Sunday 19 October 2014

The dangers of voice controls


Voice-activated systems are getting more attention as states are increasingly banning the use of 'Handheld devices by drivers'. However new research from the AAA finds that these voice-activated system can still be quite dangerous. The national distracted driving experts Paul Atchley, of the University of Kansas and David Strayer, of the University of Utah - and the lead researcher on the AAA study - they explain why the regulations  of the voice-activated systems aren't making out roads any safer.

where do people think politicians are getting it wrong?

Paul Atchley: "The biggest myth is that as long as our eyes are open and looking at the road, we are safe.

It's not about eyes, it's all about seeing and that is required by the brain. A person only need to read a few crash reports where drivers say, " I was looking but never saw the car/pedestrian/cyclist" to know the disastrous consequences of believing that looking and seeing are one in the same.

When someone talks, their brain must take different resources from other tasks like seeing. Just think about what someone sounds like when they talk on the phone and drive ("Ummm... Uhhh" and short, clipped responses). They are literally hearing the brain trying to take resources away from the conversation so it can see the road.

 So, a return to the old days when drivers could not socialize with the people actually present in someones car. What's the next study area in which distraction researchers will be focusing?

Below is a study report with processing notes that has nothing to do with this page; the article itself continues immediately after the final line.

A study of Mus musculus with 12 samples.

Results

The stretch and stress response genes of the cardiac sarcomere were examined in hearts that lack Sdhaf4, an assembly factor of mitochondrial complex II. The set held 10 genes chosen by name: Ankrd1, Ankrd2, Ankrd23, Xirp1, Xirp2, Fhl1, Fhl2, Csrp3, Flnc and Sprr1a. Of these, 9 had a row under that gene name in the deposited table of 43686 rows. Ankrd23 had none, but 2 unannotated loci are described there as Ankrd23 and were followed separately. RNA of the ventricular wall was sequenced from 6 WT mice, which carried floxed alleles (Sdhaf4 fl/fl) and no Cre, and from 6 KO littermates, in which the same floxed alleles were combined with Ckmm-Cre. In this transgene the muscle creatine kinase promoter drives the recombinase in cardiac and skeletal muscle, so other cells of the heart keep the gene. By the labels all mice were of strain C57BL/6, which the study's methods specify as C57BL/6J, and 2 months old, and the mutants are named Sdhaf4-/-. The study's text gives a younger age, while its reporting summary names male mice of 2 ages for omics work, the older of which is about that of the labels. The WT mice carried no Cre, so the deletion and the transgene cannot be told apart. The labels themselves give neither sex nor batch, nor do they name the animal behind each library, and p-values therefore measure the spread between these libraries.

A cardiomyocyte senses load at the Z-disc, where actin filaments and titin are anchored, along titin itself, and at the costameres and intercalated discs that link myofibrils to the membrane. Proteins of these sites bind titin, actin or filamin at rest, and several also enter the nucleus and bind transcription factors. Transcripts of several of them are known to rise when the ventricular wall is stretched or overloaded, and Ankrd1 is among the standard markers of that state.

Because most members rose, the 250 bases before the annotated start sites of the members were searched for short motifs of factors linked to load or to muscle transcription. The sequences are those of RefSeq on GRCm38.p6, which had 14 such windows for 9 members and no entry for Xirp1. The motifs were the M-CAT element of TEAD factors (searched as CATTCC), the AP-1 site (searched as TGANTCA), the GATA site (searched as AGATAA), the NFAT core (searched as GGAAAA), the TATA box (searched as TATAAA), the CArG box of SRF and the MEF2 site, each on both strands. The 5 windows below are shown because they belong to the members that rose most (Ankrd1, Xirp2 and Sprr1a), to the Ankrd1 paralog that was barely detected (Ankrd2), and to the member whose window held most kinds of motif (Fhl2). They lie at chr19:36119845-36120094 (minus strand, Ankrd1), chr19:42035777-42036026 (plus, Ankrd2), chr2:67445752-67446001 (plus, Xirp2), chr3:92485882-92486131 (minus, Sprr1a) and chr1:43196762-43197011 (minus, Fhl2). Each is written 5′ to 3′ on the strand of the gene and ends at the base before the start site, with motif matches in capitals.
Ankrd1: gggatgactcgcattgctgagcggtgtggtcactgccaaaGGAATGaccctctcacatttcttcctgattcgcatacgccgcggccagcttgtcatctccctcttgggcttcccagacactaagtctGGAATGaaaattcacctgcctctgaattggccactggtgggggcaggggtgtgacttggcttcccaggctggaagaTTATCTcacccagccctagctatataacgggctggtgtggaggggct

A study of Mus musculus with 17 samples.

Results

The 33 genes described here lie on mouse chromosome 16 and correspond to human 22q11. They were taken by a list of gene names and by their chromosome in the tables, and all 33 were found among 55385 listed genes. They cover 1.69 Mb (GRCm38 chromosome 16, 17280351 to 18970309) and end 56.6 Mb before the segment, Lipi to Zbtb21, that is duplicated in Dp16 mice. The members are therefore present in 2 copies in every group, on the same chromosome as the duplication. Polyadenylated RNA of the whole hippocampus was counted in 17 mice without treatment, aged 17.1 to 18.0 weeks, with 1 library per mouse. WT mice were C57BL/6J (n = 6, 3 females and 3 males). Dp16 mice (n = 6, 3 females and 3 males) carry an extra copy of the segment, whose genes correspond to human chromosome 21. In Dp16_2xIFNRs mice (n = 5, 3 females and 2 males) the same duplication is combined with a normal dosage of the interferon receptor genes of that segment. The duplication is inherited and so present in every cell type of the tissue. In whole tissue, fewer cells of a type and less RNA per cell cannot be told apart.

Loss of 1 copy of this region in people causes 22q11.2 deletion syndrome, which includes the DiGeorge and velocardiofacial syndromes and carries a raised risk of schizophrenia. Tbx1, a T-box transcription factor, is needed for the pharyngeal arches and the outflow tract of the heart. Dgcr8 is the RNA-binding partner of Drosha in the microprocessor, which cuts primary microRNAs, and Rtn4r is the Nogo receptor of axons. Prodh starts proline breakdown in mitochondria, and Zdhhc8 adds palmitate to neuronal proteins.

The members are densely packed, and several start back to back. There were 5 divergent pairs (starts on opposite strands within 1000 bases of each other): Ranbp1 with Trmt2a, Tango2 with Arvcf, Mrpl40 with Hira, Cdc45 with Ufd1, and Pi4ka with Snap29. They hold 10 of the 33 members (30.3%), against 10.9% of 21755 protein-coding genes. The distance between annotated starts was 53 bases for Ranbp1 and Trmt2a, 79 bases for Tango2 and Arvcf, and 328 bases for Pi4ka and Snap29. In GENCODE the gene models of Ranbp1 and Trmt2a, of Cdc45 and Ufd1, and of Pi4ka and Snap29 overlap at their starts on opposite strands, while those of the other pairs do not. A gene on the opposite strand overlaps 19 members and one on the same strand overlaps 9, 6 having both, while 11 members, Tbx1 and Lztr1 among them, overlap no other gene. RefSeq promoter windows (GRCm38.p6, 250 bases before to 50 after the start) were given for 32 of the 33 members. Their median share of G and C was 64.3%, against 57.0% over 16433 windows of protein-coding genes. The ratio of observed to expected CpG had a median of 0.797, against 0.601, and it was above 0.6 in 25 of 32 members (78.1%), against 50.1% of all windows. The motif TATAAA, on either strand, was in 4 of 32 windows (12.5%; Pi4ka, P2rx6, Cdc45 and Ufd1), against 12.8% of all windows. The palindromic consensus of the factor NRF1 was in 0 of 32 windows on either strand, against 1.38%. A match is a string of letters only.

Paul Atchley: "To me the most interesting question is why a handful of studies that use the 'Naturalistic' method, using cameras in cars driven by a volunteer drivers claim talking on a phone makes someone a lot safer driver. This contrasts with over 400 studies over the last forty years using a variety of other methods, such as simulators, behavioral techniques, and observational/on road studies, along with neuroscience studies, all what is found is that talking poses an increased risk.

therefore the question is critical because the industry has pointed to the data just from this one method to support an explosion of distraction in cars.

The navigation systems are a safety improvement over reading a physical map, for example. However the ability to make a dinner reservation, buy a movie ticket, or engage with social media is unrelated to the task of safety operating a vehicle. If voice control is an option for a driving-related task, and its of limited complexity, then i would use it. However if its a complex or allowed a driver to do non-driving related tasks, then i would not use it or want my family to do so.